In today’s fast-paced, hectic often unpredictable world, I am often comforted with the relationship I have with my family. I feel like I know them inside and out. My son is fascinated by molecules and megabytes. My sister’s middle name is Suzanne. My dad’s is left-handed. Or is he? My mom’s favorite hobby is – hmmm, I guess I don’t know that either. My nine-year-old still wants to be a singer, I think. My daughter’s least favorite food is lasagna. At least it was last week, when she threw a fit over what I made for dinner.
Maybe I don’t know my family as well as I thought. What about you? How well do you know your family? Family’s share the same genes, and, if you have tween-to-teens, sometimes jeans too. We hug, and we fight. We squabble, and we make-up. We cry, and we celebrate. But do we talk? Or rather do we ask? As hard as it is to admit, no, we don’t ask as much as we should.
I don’t know who my mom’s first boyfriend was, or where my dad held his first job. I’ve never asked my sister about learning to drive a car or my children’s dad about his favorite subject in school. I’m assuming my son still loves the color blue and bubblegum ice cream, but I don’t know with absolute certainty. And, quite frankly, not knowing these things is wrong.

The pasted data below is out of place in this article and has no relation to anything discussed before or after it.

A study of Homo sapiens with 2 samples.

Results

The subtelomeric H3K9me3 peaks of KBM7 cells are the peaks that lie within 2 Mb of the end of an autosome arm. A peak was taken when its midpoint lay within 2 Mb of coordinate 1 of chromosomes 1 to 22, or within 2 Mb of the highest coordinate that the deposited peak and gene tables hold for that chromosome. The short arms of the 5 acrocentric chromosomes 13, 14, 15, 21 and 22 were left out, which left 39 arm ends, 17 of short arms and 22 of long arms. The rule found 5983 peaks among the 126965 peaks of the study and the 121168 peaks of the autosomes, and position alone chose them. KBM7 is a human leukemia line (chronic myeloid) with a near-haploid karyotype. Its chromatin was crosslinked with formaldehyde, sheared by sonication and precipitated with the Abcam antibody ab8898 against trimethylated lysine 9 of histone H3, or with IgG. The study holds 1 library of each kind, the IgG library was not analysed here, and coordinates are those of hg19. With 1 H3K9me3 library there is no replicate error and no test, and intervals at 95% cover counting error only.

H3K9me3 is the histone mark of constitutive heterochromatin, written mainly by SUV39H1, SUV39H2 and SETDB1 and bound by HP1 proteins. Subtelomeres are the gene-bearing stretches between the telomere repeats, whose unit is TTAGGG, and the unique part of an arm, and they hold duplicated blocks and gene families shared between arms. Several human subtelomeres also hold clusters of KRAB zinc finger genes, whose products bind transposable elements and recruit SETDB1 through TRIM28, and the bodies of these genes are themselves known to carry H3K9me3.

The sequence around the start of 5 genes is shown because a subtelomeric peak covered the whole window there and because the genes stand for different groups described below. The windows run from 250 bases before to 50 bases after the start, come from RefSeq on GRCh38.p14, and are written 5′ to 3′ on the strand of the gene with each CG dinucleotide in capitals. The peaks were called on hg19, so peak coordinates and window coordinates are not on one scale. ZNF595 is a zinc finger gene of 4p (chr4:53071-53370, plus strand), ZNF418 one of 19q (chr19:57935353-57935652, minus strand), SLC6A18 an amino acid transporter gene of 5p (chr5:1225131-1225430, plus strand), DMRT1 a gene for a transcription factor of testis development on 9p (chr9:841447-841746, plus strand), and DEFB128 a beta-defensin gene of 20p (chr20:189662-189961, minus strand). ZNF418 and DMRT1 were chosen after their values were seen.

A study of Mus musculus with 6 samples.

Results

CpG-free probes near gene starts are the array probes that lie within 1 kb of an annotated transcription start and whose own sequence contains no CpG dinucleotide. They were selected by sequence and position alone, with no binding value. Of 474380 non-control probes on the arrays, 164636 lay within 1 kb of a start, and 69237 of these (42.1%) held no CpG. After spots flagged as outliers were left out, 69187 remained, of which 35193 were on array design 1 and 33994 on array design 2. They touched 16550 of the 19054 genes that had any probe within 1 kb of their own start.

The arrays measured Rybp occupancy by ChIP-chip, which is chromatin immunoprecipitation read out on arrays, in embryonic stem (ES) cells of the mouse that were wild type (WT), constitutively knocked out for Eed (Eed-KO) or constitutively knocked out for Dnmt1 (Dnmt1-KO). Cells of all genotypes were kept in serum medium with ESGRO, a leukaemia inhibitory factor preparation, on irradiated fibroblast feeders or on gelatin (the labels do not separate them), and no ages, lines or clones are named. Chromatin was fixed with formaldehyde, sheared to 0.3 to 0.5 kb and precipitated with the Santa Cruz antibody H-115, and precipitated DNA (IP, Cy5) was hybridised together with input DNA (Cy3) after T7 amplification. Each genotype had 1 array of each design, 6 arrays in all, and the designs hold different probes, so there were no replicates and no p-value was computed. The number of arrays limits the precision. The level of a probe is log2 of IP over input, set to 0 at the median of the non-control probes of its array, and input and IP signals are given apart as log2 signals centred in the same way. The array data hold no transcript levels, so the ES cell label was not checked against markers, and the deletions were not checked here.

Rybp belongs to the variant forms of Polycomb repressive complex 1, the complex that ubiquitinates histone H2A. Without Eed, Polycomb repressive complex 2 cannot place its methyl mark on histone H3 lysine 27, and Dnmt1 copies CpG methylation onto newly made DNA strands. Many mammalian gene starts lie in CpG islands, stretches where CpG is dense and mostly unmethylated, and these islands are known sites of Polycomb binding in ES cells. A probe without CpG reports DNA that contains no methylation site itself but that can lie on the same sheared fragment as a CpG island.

It’s not that I am unfamiliar with these individuals – they are my family, for goodness sake. I’m often dumbfounded to think that with the amount of time I spend with them that I often know so little. Truth be told, most people know more about Hollywood celebrities than they do about their family.
Why is that? Well, if you are like me, year after year, the time with your family seems effortless. You see them daily, and feel very familiar with who they are, right? Wrong. That feeling of familiarity is often mistaken for authentic connections and knowledge. More often than not, we may spend our time avoiding discussions of consequence.
We discuss the budding bed of petunias with Aunt Mary and the new set of cookware with Grandma. We may debate about what color to paint the living room or about what the best television show is this season. The list goes on and on, but non the topics are necessarily the memories we will want to pass from generation to generation. The topics describe our day-to-day but they don’t necessarily lay the foundations families are built upon.
So, how do you get to know your family? How do you gain that intimacy? Basically, how do you “meet” your family? It all starts with a question – actually a lot of questions, meaningful questions about life, love, sadness and more. Have your Grandmother share about her first love. Query your son about his favorite childhood memorable. Ask your daughter to share her dream house with you.
And, after you ask the questions, listen. Just listen. Don’t judge or criticize. Listen to the words as they paint a picture of feeling, of sadness, of love. (You may also want to document these moments with audio recordings or video tapes to preserve the memories for future generations.) Don’t wait until you have everyone together. Start connecting today through emails, Skype, phone calls, letters – even text messaging.
Get to know the people who helped raise, guide and influence you – those who have helped defined you, and let them know, it’s a pleasure not only to meet you, but to know you.
Want more tips on parenting tweens and teens? Visit Julie Smith online at www.JulieSmith.com!